Pahl Gahn Sak Mohk

Zaphod and Trillian are adopted. They were born in Pusan, South Korea. We are extremely unique as a family in that both of our children were adopted as infants, separately, two years apart, yet they share the same birthmother. You always hear the story of the couple that adopt a child, then have a surprise baby; well, we did that, except our surprise was a “pickup” instead of a “delivery”. I would post the whole story, but I’m saving it for my best-selling memoirs.

Being an adoptive family, and an interracial one at that can be a tricky situation. We have to deal with issues of culture, and race, and all kinds of adoption-related circumstances. Some are serious issues (Like culture – where does it come from? The color of one’s skin? The place of one’s birth? Or the place one was raised?). Race is interesting when you’re raising Asian children, because many of the stereotypes are positive stereotypes. How much do you discourage teachers from making the assumption that your children are highly intelligent?

It can be quite maddening, so I am proud, VERY proud, that Zaphod and Trillian have a very strong sense of humor. My kids are hilarious. And of all the things I am passing along to the children, the one I am most proud of (besides a strong love of God), is the ability to let the silliness of the rest of the world bounce off of them and have a good laugh about it.

Trillian has a very pronounced southern accent. If you’ve ever seen Henry Cho, you know how off-putting this can seem at first. You see the face, you expect a very different accent than the one you get. It’s not racism, it’s just Pavlovian. I’ve taught my children, especially my daughter to say when they get “that” look:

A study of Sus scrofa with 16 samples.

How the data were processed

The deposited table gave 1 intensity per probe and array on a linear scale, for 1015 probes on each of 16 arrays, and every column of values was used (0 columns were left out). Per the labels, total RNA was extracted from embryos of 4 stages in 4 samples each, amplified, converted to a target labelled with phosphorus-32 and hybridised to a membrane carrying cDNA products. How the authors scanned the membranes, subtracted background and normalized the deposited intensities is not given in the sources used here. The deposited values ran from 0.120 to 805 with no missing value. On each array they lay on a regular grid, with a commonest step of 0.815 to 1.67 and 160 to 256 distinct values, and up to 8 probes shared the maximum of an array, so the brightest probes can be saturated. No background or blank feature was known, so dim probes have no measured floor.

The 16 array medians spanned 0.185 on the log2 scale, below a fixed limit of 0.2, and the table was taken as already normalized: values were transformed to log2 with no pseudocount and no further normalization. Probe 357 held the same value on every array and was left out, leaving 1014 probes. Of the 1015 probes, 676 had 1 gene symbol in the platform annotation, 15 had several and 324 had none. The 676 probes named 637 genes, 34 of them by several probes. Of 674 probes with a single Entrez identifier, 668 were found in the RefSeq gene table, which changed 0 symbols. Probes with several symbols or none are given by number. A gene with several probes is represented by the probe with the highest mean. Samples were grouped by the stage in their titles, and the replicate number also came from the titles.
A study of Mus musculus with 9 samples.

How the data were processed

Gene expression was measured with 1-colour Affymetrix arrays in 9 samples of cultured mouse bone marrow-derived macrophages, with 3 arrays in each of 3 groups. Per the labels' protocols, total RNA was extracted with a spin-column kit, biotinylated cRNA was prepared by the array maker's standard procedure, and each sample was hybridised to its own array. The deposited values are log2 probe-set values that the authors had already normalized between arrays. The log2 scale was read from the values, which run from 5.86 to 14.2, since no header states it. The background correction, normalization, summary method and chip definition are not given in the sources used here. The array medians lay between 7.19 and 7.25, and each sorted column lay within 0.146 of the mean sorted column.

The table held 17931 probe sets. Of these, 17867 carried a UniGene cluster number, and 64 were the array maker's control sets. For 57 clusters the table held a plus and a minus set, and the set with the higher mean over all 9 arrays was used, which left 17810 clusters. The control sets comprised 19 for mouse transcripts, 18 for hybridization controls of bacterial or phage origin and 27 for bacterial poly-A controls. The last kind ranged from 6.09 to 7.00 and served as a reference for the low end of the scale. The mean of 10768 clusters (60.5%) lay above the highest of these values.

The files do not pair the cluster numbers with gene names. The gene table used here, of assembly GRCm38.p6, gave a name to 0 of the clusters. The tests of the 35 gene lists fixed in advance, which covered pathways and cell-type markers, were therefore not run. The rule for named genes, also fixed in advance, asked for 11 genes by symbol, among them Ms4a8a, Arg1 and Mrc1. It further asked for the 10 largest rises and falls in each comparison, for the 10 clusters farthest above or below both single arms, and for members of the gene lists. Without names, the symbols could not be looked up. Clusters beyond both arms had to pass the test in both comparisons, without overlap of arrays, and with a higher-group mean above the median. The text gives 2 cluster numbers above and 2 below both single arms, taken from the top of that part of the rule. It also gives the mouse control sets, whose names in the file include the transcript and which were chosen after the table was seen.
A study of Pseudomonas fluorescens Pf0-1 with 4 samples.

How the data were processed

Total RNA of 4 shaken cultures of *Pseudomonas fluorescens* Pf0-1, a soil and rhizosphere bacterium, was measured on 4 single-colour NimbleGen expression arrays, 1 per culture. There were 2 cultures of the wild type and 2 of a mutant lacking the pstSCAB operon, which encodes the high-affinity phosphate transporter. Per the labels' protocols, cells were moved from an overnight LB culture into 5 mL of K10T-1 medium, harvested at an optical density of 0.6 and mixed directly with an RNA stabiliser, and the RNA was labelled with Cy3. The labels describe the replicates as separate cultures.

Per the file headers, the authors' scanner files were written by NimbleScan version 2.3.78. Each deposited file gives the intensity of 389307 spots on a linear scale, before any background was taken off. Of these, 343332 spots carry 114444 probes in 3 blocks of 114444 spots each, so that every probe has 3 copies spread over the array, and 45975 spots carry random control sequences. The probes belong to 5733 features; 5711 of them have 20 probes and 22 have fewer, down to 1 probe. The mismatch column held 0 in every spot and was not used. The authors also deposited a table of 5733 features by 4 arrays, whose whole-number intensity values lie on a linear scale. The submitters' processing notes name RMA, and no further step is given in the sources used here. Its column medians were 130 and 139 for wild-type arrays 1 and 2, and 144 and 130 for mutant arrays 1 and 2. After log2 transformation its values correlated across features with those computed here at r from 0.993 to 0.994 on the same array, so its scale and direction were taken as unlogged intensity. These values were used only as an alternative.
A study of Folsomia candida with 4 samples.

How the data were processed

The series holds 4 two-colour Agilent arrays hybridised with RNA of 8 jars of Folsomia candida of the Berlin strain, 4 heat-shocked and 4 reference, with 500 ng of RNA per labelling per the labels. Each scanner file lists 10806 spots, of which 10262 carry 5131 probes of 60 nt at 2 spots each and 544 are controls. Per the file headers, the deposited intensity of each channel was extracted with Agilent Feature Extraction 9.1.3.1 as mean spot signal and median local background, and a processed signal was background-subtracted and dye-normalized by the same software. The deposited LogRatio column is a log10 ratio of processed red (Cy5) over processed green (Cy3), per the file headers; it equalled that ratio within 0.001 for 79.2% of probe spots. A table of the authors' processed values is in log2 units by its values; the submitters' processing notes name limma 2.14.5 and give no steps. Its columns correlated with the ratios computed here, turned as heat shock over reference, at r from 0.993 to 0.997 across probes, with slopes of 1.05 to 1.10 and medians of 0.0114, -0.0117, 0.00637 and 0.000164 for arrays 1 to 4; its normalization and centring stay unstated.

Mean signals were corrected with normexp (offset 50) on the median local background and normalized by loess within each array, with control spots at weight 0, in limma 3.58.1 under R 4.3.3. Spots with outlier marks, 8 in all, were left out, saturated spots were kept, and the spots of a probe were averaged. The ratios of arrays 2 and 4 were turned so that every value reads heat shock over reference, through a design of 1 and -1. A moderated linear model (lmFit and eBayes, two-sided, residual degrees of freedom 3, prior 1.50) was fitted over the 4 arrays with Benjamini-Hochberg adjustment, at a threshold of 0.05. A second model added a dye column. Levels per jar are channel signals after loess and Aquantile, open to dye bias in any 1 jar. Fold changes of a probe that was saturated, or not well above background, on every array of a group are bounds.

I’m from SOUTH Korea…I’m a “Pahl gahn sak mohk” (Korean for ‘Red Neck’)

Instead of joining the Perpetually Offended club, we’ve compiled a list of all the silly questions we’ve been asked by totals strangers over the years, to pull out when we need a good laugh. People generally mean well, they are just curious. Why get mad? I’m not going to punch some dude out just because he says “Oriental” instead of “Asian”. Big Deal.

Anyway, here’s some of the things on our list:

  • (When each was a baby) Do they speak English?
  • How much do they cost? (That’s a more appropriate question for Madonna)
  • Do they know they’re adopted?
  • (To Trillian, who was adopted at 8 months) Do you remember your REAL parents?
  • Are they yours?
  • Do you have any children of your own?

    There are so many more, I’ll share them later. Being a Caucasian parent of Asian children has been an incredible learning experience. For instance, because of the insular cultures of China, Korea, Japan and Vietnam, with a little practice one can tell what someone from each of those countries “looks like” (unlike the US). Also, I’ve learned that Koreans do NOT like Japanese (It mostly goes back to this and this), and that many Chinese look down upon the Koreans as a “lower race”. I’ll never forget being in a Chinese restaurant, having Trillian doted over by the staff – until they found out she was Korean. Quite an eye-opener there. I thought only whites were racist/xenophobic!

    Of course, in the southern US, everything about race is black and white, unless the discussion is about immigration. But once again, why get angry? Asians are only about 2% of the population of Nashville – even less in the outlying counties.

    I’ve actually had people get angry with me for teaching my children to laugh off ignorance of all sorts. No, they won’t be joining your little knee-jerk club. Yes, they’ll politely correct people that ask silly questions.

    We’ve had people stop us in the supermarket to thank us, and tell us how blessed our children are. That remains to be seen. I CAN tell you that the blessings to Lintilla and me have been beyond measure.

  • 3 Responses to “Pahl Gahn Sak Mohk”

    1. John H Says:

      sounds like to me that you are all blessed. Great post!

    2. Paul Chenoweth Says:

      ‘love the questions people ask! You should seriously consider a book.

    3. Kat Coble Says:

      Love this post!

      My dad was similar, in that he and his biobrother were both adopted as infants by the same woman.

      It’s kind of neat in a way, because the kids have a genetic bond as well as an emotional one.